By Kevin Jagernauth | The Playlist July 23, 2012 at 2:01PM
With the saga of the awful Aurora, Colorado shooting at the end of last week only just beginning, as the alleged perpetrator had his first court date today -- televised, of course -- it seems Warner Bros. has made a decision regarding "Gangster Squad." As you might recall, the studio quickly rushed to yank the trailer from in front of prints of "The Dark Knight Rises" as it featured a sequence in which some gangsters shoot through a movie screen toward an audience. Reports also suggested that WB was tabling a few options on how to handle the film, from delaying the release to cutting the scene, and unfortunately, the latter option is prevailing.
Variety reports that with the September 7th release date still locked in, the movie theater scene will be removed from "Gangster Squad" with reshoot plans now underway. And we have to say, we think this is an earnest, if completely wrong-headed decision. Given the 24-hour, non-stop news cycle we live in, there is no doubt that Warner Bros. was feeling the pressure to make some kind of gesture or announcement regarding the fate of the film, but editing the movie sends the wrong message. It condescends to the audience, not giving moviegoers enough credit for being able to make an informed decision about their choices at the multiplex or being able to handle a difficult scene as adults. But from another angle, it also seems a crassly commercial move, ensuring the movie still gets released in the all-important 4th quarter, whereas simply delaying the release would allow the appropriate space between the event and the film, while still maintaining the artistic integrity of the picture. In short, if they pursued the latter course, the studio would be allowing that murderous lunatic to have a much less corrosive effect on their film.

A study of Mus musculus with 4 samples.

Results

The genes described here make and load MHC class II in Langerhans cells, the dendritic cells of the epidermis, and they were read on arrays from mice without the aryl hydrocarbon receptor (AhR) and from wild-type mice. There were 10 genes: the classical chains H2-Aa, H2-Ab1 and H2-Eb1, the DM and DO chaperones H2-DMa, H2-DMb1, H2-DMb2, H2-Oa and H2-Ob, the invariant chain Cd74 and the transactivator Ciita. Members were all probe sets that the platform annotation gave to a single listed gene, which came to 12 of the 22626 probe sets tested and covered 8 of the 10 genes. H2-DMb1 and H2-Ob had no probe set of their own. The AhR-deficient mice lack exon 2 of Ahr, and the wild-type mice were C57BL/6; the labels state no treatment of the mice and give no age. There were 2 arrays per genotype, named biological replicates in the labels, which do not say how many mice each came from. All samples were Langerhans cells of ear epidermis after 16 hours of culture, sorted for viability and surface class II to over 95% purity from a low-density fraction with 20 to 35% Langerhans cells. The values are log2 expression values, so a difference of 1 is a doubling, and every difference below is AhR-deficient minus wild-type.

The scene in question is said to be a climatic one, so it's unclear just how extensive reshoots will need to be or what cast members will be involved. But it seems its appearance in the trailers will be the last of it we'll see (unless it's preserved on the eventual DVD/Blu-ray). Did WB make the right call? Let us know below.